Writing, my great muse, and the meaning of everything — Part I (?)

Shomprakash Sinha Roy
Jun 5 · 6 min read

I owe this clarity in parts to the inspiration meted out by fearless writers such as Tim Denning and Tom Kuegler, modern-era Bukowskis who have taken great pains to put out their knowledge for free consumption. Their words, in turn, inspire people like me to develop a clear understanding of ‘Why’ I started writing in the first place. In the early 2000s, when my understanding of the written word extended only to an extreme amount of adulation for Joanne Kathleen Rowling and her series of Harry Potter books, I remember not being bothered about the imaginary reactions of my imaginary readers, even in my wildest imagination (pun intended). But as time flew by, and as the world taught me to unlearn my courage, I found things as disturbing and meaningless as book contracts, marketing agreements, MBA degrees and literary awards, staged to keep me from focusing on my ‘why’.

Crowns may or may not add to your sense of self-actualization, but they most certainly keep your head heavy.


In 2010, surrounded by the kind of turbulence that pushes good writers to churn good words, I was able to write some stories that meant something to some people, without me ever having to bother about what this something was, and who these people were. Free eBooks enjoy the luxury of returning no readership statistics, and the only joy I derived back then, came from the simple sense of completion of purpose. It was mostly during those times that I remember feeling ‘whole’ as a writer, if that makes sense.


There is a certain amount of risk associated with the consumption of too much content that you do not fully understand, because you take in something that can either generate fear (disguised as practicality, as Jim Carrey says), or twist greetings of any season into terrible threats. One of my favorite authors (and, by that extension, people) of all time, Mr John Green, famously implored the graduating class of 2013 at Butler University, to always look at graffiti in a language that they wouldn’t understand, and consider that someone was wishing them a happy birthday. Before my books were published, I had been exposed to works such as Love in the time of cholera, when I was in seventh grade. If you haven’t read this book, and if you are in no danger of developing a desire to write books in the near future, I can tell you this — It is at once the most powerful book I have ever read, and I still consider that it ruined any chances that I ever had of becoming a half-decent human being.

Great work inspires, crushes, and rebuilds your creative spirit.


And now, back to Tim & Tom — the two people who have managed to fuel waves of inspiration and impetus back into my life, allowing me to approach both my personal life and worldly aspirations in the same lens with equal fervor. Tom has been sharing tips on how to push myself to be good and consistent on Medium, and Tim has been asking the right questions.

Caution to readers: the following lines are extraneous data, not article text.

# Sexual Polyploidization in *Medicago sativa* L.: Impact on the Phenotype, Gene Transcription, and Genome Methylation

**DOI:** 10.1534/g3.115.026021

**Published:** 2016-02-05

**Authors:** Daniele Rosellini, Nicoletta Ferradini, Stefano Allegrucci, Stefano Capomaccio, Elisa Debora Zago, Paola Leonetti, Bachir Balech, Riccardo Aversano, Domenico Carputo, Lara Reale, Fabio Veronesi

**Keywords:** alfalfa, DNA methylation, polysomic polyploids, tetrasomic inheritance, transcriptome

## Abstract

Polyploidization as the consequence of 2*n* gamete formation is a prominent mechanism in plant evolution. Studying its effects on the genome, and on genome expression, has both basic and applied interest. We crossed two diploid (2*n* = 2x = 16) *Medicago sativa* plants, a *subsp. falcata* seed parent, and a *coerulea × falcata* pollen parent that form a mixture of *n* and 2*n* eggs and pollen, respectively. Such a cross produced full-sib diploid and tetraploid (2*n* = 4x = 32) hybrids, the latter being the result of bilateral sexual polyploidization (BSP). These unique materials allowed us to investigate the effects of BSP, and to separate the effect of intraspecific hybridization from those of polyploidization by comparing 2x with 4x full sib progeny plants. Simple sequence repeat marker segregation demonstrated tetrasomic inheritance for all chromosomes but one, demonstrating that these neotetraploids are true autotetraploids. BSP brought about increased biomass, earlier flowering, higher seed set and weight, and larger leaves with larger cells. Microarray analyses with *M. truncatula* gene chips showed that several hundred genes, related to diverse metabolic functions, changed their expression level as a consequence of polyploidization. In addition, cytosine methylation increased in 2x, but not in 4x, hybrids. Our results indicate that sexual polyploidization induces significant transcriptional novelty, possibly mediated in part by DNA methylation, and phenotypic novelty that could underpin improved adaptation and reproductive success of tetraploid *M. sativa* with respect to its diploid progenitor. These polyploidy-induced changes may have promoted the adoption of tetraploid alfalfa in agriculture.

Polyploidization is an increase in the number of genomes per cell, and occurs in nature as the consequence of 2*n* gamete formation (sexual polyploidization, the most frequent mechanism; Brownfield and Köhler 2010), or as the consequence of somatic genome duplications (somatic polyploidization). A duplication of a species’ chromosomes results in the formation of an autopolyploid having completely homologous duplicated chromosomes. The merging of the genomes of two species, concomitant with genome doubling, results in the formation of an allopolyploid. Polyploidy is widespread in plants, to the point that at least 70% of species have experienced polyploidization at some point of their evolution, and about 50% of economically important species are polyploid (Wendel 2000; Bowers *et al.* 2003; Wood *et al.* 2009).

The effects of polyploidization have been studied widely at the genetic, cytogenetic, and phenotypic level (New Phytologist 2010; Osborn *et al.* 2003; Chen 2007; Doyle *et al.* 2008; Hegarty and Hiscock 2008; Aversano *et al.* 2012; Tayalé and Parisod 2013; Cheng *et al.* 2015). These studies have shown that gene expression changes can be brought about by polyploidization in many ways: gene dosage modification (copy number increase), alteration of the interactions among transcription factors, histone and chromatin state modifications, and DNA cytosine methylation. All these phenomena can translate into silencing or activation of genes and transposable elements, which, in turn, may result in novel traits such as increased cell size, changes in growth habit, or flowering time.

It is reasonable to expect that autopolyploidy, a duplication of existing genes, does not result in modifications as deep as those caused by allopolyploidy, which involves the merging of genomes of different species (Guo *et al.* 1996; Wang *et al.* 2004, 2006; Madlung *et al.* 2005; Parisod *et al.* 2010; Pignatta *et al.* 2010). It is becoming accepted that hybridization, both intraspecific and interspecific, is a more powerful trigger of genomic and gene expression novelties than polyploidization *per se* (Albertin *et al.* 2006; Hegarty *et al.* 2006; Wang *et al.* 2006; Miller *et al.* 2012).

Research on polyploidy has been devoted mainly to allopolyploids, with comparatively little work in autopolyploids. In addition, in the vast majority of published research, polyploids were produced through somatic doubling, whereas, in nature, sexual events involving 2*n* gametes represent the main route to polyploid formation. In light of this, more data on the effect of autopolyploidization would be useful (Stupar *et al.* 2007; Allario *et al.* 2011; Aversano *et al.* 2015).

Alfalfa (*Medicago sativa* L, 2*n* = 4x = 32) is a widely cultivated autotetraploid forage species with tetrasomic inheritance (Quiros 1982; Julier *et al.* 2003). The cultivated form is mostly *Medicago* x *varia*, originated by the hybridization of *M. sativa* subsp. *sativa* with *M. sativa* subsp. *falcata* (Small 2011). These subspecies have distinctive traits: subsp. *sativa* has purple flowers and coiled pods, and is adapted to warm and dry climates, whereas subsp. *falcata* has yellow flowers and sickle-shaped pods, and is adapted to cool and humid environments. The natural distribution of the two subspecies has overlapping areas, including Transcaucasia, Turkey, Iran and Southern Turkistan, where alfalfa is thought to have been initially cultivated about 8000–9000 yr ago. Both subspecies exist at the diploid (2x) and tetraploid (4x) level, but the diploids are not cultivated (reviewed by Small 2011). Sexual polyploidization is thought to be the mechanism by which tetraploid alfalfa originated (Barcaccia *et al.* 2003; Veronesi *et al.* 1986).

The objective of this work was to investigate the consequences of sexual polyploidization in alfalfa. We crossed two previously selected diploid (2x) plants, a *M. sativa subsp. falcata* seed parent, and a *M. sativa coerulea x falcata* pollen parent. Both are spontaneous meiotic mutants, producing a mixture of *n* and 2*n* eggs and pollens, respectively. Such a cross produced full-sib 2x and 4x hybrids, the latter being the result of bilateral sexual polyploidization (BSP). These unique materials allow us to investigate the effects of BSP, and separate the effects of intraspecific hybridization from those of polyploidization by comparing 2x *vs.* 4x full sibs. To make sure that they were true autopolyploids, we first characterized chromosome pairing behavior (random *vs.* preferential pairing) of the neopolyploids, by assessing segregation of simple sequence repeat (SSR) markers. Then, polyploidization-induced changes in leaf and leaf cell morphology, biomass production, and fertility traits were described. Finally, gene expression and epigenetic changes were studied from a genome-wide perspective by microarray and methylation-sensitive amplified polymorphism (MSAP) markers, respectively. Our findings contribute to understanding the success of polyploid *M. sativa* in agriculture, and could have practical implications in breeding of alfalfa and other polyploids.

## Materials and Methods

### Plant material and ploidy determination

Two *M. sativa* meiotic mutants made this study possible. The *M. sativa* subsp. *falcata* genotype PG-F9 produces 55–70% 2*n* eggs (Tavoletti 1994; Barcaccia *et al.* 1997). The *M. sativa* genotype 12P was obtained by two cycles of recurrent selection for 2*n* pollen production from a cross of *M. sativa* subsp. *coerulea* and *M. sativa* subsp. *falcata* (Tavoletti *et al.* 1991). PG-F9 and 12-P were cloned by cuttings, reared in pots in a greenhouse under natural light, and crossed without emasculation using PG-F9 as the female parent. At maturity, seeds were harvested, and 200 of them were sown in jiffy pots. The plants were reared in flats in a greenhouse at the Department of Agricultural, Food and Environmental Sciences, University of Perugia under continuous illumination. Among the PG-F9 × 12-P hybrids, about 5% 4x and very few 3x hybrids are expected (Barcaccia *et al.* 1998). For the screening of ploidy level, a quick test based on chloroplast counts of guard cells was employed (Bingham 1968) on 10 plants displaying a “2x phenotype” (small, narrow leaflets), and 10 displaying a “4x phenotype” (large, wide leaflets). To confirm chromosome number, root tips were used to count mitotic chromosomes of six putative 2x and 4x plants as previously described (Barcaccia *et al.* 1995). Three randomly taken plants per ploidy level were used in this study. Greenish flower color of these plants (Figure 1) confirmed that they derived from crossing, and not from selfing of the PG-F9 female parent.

But I owe a lot to two wonderful women, one of whom (Tanu) happens to be an excellent musician and creator in her own right, and the other, my mother, because facing their realities in the light of my own allows me to do the three most important things that are necessary to unleash my writing upon myself:

A. Their love leaves me no choice but to let go of the fears that hold me back, because I see no fear in their love for me.

B. I have started believing (and yes, I know Steve Jobs said this first, but the labors of love are seldom explained well!) that if I start living every day as if it were my last, one day I will most certainly be right.

C. I have, after repeatedly ignoring the advice of stalwarts such as Simon Sinek, really started understanding ‘Why’ I write.


It’s time to thank Tim once again, for sharing the subtle trick of convincing yourself about why you do what you do. He has developed a “message to the world” which he admittedly changes infrequently, but only for the sake of adding clarity.

While I was reading his eBook, I became enamored with the idea of starting to work on my own “why” message, because yes — It is going to serve as a true guide in lieu of kindred spirits, when it’s time to confront my fears and keep doing what I know myself to do best. And keeping the true nature of writers, I kept gnawing away at it, until it presented itself as a clear message, which I will use to end this post. It started with:

My goal in life is to inspire people to love unconditionally, embrace their individuality, and create to the best of their ability.

And then as I started chipping away at everything that seemed unnecessary in that pursuit, I was left with (successively…)

#2: My goal in life is to inspire people to understand the true nature of their problems and arrive at solutions that do not harm others.

#3: My goal in life is to right the wrongs I see before myself, without hurting people in the process.

#4: My goal in life is to be the best version of myself, and to turn the best of my imagination into reality.

#5: My goal in life is to become an icon of trust that unites people, and inspires them to create and love without barriers.

#6: My goal in life is to love, create, and inspire everyone around me to do the same.

And I think the seventh time around, Tim really got to my nerves, because now I’m left with this:

My goal in life is to create the world I want to live in.